Cold Frame

Well finally the weather has cleared. It hasn't rained for a few days and the sun has even come out for the last 2-3 days. Just as well, as I was getting itchy feet to get started on preparations for the next growing season.

Yesterday and today I finally got around to building that cold frame from the old shower doors I found last week on a rubbish tip. Shame I can't show you a photo as I'm still camera-less. I'm rather proud of it! I'm not the greatest DIY man. You see when I was a lad my Dad fixed everything. He is very good with his hands. Anything he takes apart he puts back together. Believe me, he can take a nuclear power station apart and back together again! However, like many working people with little education, he is also not a good communicator. Whenever I asked him to show me how to fix my bike he'd very quickly loose patience and do it himself.

I have got better over the years, but results of any project I start a rather unpredictable. The coldframe project did come off satisfactorily though. Made entirely of recycled material: 4 old shower doors, some old wooden doors and other miscellaneous bits of discarded furniture and numerous old wooden poles previously used to support vines.

The whole thing is about 10 feet long, 3 feet wide and 2-3 feet deep (sloping) and seems to be holding together. I'm looking forward to filling it with compost and sowing my tomatoes, peppers, aubergines and all in there.

The land itself has benefitted from all that rain. The first lot of broad beans is flowering and getting over the damage inflicted by the winds. We're starting to pick Tuscan black cabbage and broccoli and everything is looking in good order. Roll on spring!


Ayak said...

There's something really satisfying about making things out of old bits and pieces. Our doghouse (part of the old house in the garden) was built out of odds and ends, old bits of wood, corrugated iron, hardboard, etc. It even has an old discarded bamboo blind, found under some rubble, cleaned up and cut to size.
I can't wait for Mr A to get back and clear the garden so we can start to think about vegetables this year.
Well done on the recycling!

Mr. H. said...

Excellent Heiko!

It will be nice for you to have something for your starts. I'm glad to hear that your rainy weather has let up but it really wasn't necessary to send it our way. It has been raining pretty good here and with the ground still frozen we have all sorts of puddles and creeks.

Wish I could see your cold frame but I have a pretty good image of it in my mind and it looks fantastic...good job man.

Jan said...

That sounds like a really good cold frame. I'm envious, as mine is only about two feet square... a shortage of old window frames!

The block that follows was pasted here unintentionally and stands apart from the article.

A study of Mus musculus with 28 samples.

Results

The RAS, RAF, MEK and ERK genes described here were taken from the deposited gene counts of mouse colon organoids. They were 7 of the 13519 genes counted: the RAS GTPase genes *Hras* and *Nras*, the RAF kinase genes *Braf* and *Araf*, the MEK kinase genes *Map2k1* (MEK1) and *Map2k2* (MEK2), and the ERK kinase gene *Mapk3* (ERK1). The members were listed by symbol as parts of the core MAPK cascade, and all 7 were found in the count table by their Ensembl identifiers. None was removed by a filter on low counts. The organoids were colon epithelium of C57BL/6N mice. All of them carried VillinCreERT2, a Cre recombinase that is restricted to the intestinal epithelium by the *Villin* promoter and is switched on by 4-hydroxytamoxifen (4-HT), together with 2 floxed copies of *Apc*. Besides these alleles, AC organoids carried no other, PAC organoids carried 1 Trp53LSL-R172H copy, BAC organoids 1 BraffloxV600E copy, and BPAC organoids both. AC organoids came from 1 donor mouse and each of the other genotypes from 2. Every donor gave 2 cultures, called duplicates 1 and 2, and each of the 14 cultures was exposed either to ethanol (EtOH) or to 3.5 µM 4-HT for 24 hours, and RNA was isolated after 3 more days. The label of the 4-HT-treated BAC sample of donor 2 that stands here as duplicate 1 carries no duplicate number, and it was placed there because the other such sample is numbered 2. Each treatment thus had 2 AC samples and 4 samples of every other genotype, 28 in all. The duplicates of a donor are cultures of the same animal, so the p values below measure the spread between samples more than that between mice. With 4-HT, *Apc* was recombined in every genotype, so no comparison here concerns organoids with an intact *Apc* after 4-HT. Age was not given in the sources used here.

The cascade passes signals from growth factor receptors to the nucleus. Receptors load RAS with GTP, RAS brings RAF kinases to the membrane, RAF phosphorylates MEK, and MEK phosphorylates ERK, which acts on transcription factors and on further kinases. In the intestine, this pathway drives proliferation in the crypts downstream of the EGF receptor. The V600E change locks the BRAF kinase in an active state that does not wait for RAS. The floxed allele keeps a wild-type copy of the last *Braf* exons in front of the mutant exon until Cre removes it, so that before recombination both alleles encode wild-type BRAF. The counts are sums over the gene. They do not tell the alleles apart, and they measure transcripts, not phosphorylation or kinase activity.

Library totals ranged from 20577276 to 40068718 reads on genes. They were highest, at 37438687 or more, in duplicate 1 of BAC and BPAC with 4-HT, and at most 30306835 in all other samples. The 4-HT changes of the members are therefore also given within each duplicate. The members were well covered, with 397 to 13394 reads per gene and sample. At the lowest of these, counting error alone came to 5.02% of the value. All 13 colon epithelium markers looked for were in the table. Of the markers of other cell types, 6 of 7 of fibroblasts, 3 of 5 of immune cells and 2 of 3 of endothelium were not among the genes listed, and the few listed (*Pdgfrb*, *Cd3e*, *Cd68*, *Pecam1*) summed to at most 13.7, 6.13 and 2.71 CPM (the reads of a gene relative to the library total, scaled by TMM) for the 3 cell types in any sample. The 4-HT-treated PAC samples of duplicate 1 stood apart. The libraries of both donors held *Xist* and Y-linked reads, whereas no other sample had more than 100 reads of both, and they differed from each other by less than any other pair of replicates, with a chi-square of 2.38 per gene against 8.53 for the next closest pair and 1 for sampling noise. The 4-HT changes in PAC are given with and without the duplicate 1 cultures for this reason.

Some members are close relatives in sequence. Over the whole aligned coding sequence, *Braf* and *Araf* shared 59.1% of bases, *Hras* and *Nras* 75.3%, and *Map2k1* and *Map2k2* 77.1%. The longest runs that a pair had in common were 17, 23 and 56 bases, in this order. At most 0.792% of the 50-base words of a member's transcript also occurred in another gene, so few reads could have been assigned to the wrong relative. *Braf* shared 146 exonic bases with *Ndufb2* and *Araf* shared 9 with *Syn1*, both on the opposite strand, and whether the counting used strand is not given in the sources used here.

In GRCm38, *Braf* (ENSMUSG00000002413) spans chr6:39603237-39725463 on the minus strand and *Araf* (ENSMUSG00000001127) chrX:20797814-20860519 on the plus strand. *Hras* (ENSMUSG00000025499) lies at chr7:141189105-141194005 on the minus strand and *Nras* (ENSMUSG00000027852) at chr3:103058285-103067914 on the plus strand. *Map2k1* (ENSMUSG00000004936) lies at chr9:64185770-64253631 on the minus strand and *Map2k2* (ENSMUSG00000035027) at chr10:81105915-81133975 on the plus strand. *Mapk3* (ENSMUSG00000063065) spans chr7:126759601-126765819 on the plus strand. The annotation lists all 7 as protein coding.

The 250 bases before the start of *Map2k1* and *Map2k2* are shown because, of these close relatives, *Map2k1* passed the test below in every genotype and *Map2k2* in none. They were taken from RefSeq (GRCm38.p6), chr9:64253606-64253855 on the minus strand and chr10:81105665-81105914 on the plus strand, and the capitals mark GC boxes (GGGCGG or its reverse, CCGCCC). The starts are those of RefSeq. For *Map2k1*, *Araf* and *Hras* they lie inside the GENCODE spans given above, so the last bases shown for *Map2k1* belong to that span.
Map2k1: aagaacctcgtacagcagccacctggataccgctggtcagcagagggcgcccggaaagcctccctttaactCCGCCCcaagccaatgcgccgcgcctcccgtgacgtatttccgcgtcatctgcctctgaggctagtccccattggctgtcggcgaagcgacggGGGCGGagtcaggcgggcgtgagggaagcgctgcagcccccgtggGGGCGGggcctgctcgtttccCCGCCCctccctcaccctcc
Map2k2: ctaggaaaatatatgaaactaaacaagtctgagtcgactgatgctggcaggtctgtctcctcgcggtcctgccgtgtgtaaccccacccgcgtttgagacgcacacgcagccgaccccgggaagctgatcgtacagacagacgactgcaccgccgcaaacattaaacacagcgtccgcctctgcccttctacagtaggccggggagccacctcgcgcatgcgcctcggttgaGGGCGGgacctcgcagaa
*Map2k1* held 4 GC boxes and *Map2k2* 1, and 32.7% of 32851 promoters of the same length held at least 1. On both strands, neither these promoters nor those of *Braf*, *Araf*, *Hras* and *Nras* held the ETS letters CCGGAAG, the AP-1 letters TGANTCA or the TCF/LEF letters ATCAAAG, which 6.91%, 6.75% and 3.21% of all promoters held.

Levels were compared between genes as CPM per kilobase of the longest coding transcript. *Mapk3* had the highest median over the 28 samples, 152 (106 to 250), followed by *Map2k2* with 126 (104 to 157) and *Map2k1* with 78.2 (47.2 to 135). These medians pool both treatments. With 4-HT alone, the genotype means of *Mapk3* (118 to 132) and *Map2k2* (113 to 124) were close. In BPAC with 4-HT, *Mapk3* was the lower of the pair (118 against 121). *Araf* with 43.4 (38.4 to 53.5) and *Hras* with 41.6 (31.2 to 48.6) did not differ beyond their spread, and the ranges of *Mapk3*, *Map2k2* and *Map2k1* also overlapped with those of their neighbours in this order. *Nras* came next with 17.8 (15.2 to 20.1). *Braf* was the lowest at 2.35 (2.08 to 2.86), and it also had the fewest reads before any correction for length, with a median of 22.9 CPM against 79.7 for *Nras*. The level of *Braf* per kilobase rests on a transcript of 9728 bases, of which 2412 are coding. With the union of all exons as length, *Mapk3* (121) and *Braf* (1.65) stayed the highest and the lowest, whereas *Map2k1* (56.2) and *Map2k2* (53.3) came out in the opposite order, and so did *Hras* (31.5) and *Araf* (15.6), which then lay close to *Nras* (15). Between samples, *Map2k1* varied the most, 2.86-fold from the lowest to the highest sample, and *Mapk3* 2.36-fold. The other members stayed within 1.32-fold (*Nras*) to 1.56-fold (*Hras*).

Martijn said...

Lots of respect for everything! I hope to have something of a garden one day and grow things to eat. At the moment, I have a garden of about one square meter, but the thyme plant in it is doing fine.

The story about your handy dad was very good and recognizable. Maybe most dads are that way, of taking the things you try to build out of your hands to finish them themselves. Or maybe just yours and mine.

One day as a child I was building a wooden airplane and had sanded down the propeller. Then my dad wanted to blow away the sawdust. But that ended up right into my eye! I was half blind for a week. But do you think he learned something from this? Oh no! He's still the same. Last Saturday I was cooking onion soup for him, and still he has to circle round the stove, 'to help'. And in the end, somehow, it's always him finishing the things.

Keep Green! Greetings,


GetSoiled said...

Hi Heiko,

I have to say that I am getting ready for a meeting and had no time to even look at your blog...yet...but I came over to tell you how loudly you made me laugh with your comment on Mr. H's blog (about the possible implications of so much raw food). It had been a crazy hectic morning and your comment made me forget about it. So THANK YOU!

Stefaneener said...

Ah yes, handy dads are good, but handy dads who can teach and then back off -- well, they're rare.

Good luck with the cold frame. We're still too wet to do much.

Carol said...

Your cold frame sounds perfect... good luck with your sowings.

Roasted Garlicious said...

ohh wish u had a camera, would love to see your project! i just garnered some windows via Freecycle... and was told there were more... a greenhouse will be my eventual plan!